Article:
World Health Organization officials warn infectious disease outbreaks and malnutrition pose serious health threats to some 8 million Pakistani flood victims.
Historic flood waters are receding in Pakistan, but the impact of the catastrophic event on millions of survivors is far from over.
The World Health Organization reports diseases are rampant, a food crisis is looming, and the economy is deteriorating. This, it says, when winter is fast approaching, putting at further risk the people who lack shelter, fuel for heating, medical care, and other essentials.
WHO's regional emergency director, Richard Brennan, said public health risks are increasing. Speaking from Cairo, he said damaged infrastructure, stagnant water, and inadequate sanitation facilities are providing breeding sites for mosquitos. Since July, he noted, more than 540,000 cases of malaria have been reported in 32 of Pakistan's flood-drenched districts.
"Other health threats include increasing cases of diarrheal diseases, an ongoing dengue fever outbreak, measles, and diphtheria. Among the biggest concerns are the high rates of severe acute malnutrition, especially among children under the age of five years," Brennan said. "Access to safe water and sanitation remain limited, with people using contaminated water for household consumption. Pregnant women need access to clean and safe delivery services."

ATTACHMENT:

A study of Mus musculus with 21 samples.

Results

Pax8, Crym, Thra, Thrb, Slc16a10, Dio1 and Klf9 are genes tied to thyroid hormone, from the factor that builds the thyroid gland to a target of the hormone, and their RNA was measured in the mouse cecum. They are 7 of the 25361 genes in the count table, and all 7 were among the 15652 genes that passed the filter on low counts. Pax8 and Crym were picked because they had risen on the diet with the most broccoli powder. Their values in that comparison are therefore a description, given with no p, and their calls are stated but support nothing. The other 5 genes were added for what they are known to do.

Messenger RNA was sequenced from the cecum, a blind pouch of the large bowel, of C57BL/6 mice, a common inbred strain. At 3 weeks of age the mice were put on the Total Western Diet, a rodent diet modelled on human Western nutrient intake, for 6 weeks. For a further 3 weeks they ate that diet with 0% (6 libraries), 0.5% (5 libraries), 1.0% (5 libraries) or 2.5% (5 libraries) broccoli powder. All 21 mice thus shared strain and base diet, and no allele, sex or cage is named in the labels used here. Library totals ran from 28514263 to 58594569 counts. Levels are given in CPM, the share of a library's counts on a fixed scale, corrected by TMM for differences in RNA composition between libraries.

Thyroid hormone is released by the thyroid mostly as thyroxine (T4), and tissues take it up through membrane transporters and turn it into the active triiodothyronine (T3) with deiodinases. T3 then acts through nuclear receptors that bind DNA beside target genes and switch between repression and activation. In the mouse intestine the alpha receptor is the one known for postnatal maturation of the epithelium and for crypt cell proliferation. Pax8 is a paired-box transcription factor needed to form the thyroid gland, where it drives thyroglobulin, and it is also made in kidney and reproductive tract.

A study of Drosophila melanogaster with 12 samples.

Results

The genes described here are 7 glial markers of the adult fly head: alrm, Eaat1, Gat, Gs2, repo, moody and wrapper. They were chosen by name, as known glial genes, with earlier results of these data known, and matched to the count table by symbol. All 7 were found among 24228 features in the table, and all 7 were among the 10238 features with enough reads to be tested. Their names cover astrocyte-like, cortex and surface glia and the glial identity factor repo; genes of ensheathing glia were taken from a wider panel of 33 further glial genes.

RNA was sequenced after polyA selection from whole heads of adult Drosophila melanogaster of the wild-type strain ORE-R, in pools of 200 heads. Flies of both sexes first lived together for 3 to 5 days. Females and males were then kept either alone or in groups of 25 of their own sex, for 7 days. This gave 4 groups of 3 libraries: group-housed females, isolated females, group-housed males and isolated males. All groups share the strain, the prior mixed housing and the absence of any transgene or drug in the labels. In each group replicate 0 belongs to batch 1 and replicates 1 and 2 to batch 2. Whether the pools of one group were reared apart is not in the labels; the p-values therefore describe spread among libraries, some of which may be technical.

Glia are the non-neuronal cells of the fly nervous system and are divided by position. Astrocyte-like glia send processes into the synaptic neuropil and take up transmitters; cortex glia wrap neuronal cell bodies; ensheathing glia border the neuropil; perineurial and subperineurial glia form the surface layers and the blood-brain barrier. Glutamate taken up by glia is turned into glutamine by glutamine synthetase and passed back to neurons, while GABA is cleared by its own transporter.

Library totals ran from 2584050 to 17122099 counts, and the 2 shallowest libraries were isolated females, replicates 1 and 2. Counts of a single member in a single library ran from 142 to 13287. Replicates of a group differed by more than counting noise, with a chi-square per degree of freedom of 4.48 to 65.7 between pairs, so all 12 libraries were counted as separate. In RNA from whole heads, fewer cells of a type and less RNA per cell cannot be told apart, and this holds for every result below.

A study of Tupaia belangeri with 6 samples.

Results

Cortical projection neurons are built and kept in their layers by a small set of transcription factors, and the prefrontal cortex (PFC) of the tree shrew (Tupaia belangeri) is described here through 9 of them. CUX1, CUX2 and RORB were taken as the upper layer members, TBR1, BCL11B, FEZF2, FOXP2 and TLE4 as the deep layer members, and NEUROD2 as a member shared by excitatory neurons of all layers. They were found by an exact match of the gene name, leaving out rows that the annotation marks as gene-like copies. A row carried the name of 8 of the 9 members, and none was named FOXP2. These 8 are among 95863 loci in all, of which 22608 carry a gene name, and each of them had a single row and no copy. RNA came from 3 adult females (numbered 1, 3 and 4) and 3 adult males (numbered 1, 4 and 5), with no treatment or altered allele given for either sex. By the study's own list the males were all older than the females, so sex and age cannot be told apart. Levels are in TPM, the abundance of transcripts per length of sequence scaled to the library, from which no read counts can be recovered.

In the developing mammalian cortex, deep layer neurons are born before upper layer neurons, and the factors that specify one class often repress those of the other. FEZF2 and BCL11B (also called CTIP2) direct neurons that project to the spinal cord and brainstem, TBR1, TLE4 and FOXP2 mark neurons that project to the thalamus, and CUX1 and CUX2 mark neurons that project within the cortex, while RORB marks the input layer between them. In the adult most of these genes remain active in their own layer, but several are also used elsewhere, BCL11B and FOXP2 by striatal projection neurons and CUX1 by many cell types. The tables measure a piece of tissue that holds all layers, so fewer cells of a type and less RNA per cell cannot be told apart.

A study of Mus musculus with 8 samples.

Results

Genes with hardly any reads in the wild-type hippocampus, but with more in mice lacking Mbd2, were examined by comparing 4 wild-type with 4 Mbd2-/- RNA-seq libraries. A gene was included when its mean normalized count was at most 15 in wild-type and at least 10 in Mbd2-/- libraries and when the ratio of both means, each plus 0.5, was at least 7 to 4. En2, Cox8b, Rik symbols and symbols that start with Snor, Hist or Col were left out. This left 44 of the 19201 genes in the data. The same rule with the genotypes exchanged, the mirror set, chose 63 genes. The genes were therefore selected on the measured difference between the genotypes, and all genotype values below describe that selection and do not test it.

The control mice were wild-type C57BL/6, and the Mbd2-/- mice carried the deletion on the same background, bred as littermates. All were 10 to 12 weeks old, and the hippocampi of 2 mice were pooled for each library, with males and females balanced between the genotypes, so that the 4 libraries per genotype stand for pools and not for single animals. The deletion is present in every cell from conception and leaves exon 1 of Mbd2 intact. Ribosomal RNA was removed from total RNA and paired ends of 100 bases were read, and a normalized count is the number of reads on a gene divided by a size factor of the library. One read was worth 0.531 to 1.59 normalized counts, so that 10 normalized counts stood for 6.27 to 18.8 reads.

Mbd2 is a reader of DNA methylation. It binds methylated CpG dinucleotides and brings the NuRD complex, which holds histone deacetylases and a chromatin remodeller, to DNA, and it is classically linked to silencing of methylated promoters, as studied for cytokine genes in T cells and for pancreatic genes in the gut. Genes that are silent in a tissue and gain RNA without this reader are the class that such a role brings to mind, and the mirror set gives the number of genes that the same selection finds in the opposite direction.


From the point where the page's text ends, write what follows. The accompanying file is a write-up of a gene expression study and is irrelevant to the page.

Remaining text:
He noted more than 2,000 health facilities have been damaged or destroyed by the floods, making the provision of medical services difficult. Nonetheless, he said the WHO is working effectively across several priority health areas, including that of managing acute malnutrition.
"We are doing screening. In some places, we are seeing over 10 percent severe acute malnutrition, let alone overall malnutrition," Brennan said. "So, what WHO has done is, we are supporting around 16 stabilization centers for those with severe acute malnutrition, particularly for kids who have complications from that. We are working with the Ministry of Health to establish another 19."
Brennan said he returned from Pakistan a few weeks ago and was overwhelmed by the massive needs, especially in hardest-hit Sindh province. Unfortunately, given the many competing emergencies around the world, he noted Pakistan's flood disaster very quickly fell off the media radar screen.
He said the WHO requires $81 million to tackle Pakistan's health crisis, but warned that the situation will only worsen if the international community fails to respond.